The European Union (EU) General Data Protection Regulation (GDPR) came into effect in May, but most businesses in the region still aren’t compliant with the rules. The data security requirements have wide-reaching implications for businesses across sectors, but as companies expand globally and business partners connect on digital channels, supply chains’ GDPR compliance is an increasing focus of security and compliance initiatives in the enterprise.
As organizations are still not entirely compliant with GDPR requirements, supply chains are particularly vulnerable to security issues as a result, analysts have said.
“Enactment of [GDPR] marks a promising step forward for personal data privacy across Europe,” said Brad Bussie, managing principal of security strategy for Trace3, in an article for SupplyChainBrain in May. “However, it presents real concerns for tech managers who are responsible for storing and protecting their organizations’ information as it flows in and out of supplier networks.”
One of the largest challenges of GDPR and data security overall is the struggle to safeguard customer data that is shared with suppliers in the supply chain.
“The core problem is that most organizations do not fully understand what data they possess across their vast corporate databases, product catalogs, email systems, budget spreadsheets and HR records, not to mention countless Word documents, slide presentations and social media postings,” wrote Bussie. When much of this data is shared with suppliers, safeguarding information and adhering to individuals’ “right to be forgotten” is an especially tall hurdle to climb.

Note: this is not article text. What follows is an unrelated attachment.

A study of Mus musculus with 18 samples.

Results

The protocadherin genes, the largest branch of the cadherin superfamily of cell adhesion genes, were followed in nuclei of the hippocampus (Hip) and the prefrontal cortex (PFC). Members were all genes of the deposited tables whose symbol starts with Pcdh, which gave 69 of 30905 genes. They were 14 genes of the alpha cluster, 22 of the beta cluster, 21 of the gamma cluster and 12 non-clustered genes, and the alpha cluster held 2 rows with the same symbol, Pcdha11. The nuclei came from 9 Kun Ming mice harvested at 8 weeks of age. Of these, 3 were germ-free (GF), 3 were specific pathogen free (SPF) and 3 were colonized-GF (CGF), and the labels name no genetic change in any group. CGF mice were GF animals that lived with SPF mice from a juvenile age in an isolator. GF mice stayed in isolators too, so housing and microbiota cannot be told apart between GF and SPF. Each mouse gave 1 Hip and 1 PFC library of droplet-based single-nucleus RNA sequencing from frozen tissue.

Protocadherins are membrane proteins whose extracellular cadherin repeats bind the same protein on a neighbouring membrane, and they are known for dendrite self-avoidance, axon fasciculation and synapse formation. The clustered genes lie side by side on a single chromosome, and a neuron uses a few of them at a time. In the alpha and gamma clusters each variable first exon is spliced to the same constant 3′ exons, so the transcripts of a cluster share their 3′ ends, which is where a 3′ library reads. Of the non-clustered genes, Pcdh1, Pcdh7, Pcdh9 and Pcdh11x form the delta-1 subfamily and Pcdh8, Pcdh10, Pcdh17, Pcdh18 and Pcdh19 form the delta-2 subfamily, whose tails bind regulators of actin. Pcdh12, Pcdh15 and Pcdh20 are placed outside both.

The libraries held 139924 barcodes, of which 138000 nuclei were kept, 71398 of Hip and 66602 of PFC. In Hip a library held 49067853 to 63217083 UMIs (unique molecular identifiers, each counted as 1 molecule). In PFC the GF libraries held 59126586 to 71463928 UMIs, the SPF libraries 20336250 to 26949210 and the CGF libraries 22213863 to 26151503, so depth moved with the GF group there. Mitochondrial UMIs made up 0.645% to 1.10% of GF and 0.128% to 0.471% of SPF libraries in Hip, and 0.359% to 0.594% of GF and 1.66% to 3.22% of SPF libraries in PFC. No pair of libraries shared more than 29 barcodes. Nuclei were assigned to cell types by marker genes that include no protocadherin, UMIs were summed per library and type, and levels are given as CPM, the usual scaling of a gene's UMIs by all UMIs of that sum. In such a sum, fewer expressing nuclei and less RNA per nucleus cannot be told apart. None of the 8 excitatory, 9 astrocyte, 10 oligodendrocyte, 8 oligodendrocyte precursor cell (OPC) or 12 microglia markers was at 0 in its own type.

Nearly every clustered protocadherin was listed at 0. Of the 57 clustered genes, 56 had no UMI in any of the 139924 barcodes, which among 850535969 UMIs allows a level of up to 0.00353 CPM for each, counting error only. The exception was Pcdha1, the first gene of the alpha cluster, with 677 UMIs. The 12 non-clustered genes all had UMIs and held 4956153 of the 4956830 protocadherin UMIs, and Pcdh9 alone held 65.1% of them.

In a separate analysis by supply chain and logistics solutions provider ModusLink, the issue of GDPR was raised against the backdrop of rising Internet of Things (IoT) adoption down supply chains. Yet, IoT makes it easier than ever for organizations to develop data pools.
“Even if companies attempt to share this information, they are often only able to discover a subsect of the data that exists across several different pools — disabling them from complying with the GDPR,” ModusLink stated.
Companies have to “organize and reconcile” data across those data pools, and across supplier and business partners, the company noted.
GDPR compliance must be a component of the supplier relationship management strategy, analysts said. Unfortunately, the latest data suggests that businesses are still struggling to comply with the data security rules.
According to reports from the Business Information Industry Association (BIIA) on Tuesday (Aug. 21), the latest research from Dimensional Research found 80 percent of businesses believe they are not yet GDPR-compliant. Fifty-three percent are in the process of achieving compliance, but 27 percent haven’t yet started that initiative.
The figures reflect a global lack of preparedness for GDPR as organizations not based in the EU, but dealing with European companies in their supply chain, stumble over GDPR requirements. Researchers highlighted EU companies’ slightly more successful rates of compliance, with 27 percent of EU firms reporting they are compliant (compared to 21 percent in the U.S. and U.K.).
The vast majority of companies expect to be fully compliant by the end of 2019.
Complexities of GDPR legislation emerged as the top barrier to compliance, researchers noted. Despite these challenges, most firms agree that GDPR will be beneficial to their business.
Separate research from cybersecurity firm CrowdStrike suggests that supply chains cannot afford to delay adherence to GDPR rules, as cyber incidents increasingly target the buyer-supplier relationship. According to CrowdStrike research released last month, 66 percent of companies have experienced a software supply chain attack, making data protection initiatives — whether mandated by GDPR or not — a paramount issue.
“Widespread incidents, such as the NotPetya attack and CCleaner outbreak in 2017, have combined with the European Union’s new [GDPR] to bring the risk of supply chain attacks to the forefront,” CrowdStrike concluded.